HOUSTON – Residents of the East Aldine neighborhood of Houston are tired of their homes flooding during hurricanes and of worrying every time it rains because their streets and waterways don't drain well.
Like the rest of the Houston area, East Aldine was hammered in 2017 by Hurricane Harvey, which caused an estimated $125 billion in damage throughout the state but nowhere more than in the nation's fourth-largest city and surrounding Harris County. East Aldine residents had to flee their homes through chest-high water, many carrying their children on their shoulders as they sought higher ground. The working class, predominantly Latino neighborhood that straddles Houston and unincorporated parts of the county was flooded again two years later during Tropical Storm Imelda.
“Whether you flooded or not, whether you had to evacuate or not, you are traumatized by the fact that rain is coming and you don’t know what’s going to happen and you don’t know how it’s going to impact your family,” Shirley Ronquillo, a community activist who grew up in East Aldine, said Thursday.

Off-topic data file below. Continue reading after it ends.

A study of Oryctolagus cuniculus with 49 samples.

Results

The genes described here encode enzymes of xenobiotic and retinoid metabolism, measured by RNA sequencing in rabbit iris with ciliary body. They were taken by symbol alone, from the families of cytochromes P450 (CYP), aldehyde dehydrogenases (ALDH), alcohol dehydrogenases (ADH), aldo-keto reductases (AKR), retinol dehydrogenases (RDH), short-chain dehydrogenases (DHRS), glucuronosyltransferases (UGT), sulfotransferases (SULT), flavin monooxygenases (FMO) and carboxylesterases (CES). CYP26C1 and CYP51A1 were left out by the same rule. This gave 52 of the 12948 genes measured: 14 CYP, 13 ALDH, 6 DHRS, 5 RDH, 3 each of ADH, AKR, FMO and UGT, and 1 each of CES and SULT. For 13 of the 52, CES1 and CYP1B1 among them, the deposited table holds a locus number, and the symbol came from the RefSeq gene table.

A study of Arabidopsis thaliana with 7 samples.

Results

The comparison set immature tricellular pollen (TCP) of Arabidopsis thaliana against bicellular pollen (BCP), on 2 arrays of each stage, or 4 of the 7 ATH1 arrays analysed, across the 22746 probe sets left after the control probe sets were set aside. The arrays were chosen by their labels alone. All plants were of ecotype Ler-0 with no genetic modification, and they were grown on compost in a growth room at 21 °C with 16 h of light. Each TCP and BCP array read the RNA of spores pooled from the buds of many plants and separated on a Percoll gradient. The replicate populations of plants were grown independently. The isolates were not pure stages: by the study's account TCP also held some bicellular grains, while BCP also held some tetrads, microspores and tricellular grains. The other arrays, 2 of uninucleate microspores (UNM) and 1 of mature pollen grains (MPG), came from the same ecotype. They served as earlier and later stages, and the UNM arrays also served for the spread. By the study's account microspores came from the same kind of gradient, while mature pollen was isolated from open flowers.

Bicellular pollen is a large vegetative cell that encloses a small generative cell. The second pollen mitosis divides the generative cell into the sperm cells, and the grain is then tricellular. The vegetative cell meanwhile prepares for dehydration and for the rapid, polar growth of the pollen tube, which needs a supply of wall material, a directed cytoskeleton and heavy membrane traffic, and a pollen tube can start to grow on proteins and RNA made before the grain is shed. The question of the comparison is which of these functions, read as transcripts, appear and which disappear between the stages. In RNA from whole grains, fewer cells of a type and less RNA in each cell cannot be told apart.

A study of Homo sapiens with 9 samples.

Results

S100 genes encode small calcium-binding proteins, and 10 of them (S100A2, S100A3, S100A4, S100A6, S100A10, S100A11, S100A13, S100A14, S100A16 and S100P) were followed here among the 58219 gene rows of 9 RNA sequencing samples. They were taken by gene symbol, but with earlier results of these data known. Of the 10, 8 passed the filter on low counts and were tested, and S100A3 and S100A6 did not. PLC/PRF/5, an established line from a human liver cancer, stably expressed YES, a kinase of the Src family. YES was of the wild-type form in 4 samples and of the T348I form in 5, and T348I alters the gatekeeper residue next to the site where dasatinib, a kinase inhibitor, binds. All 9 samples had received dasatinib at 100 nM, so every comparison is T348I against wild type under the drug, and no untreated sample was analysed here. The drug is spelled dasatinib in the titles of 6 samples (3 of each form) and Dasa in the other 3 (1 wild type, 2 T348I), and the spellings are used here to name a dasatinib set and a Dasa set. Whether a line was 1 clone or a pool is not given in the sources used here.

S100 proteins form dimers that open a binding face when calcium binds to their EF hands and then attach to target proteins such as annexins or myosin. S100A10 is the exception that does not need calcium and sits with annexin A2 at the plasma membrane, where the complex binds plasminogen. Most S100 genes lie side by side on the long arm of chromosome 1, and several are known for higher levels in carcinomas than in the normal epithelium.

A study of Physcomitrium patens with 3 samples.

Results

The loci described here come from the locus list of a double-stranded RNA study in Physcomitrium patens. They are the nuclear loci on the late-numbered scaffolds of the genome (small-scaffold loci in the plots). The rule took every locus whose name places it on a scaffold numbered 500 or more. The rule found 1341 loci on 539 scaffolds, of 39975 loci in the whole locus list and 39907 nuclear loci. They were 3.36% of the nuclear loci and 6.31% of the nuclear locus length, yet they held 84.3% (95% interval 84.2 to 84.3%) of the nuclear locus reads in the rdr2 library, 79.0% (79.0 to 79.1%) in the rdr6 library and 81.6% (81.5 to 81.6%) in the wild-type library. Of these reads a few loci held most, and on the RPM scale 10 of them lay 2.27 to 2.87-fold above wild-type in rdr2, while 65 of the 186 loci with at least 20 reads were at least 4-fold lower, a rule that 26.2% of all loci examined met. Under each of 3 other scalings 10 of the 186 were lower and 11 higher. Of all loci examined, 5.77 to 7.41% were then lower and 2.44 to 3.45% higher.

That's why she and many other Houston residents were outraged when a state agency recently announced that Houston wouldn't get a cent of the initial $1 billion in federal funding that was promised to Texas following Harvey to help pay for flood mitigation projects, including drainage improvements and the widening of bayous. The Harris County government was also iced out, though four smaller cities in the county were awarded a total of $90 million.
The awarding of the U.S. Department of Housing and Urban Development funding led to a rare show of solidarity by local Democratic and Republican officials, who condemned how the Texas General Land Office, or GLO, picked its winners and losers. Ronquillo called it a “slap in the face” to communities of color who have historically been denied assistance.
Some officials and residents accused the GLO of playing politics, given that Houston and Harris County are Democratic strongholds in a state controlled by the GOP and have been at odds with the state's Republican leaders since Harvey over issues related to recovery funding.
The land office said the competition for the initial distribution of funding was fair and not political, and that it used scoring criteria based on HUD guidance. But a HUD spokesman, Michael Burns, said the federal agency didn’t require the criteria used by Texas and that it believes “all areas of the state, including Houston and Harris County, should receive the resources they need to recover from Hurricane Harvey.”
Faced with the criticism, Land Commissioner George P. Bush — a Republican grandson of former President George H.W. Bush — said he would ask HUD to approve $750 million for Harris County, though none of it would be given directly to Houston and it's unknown if HUD would approve that outlay.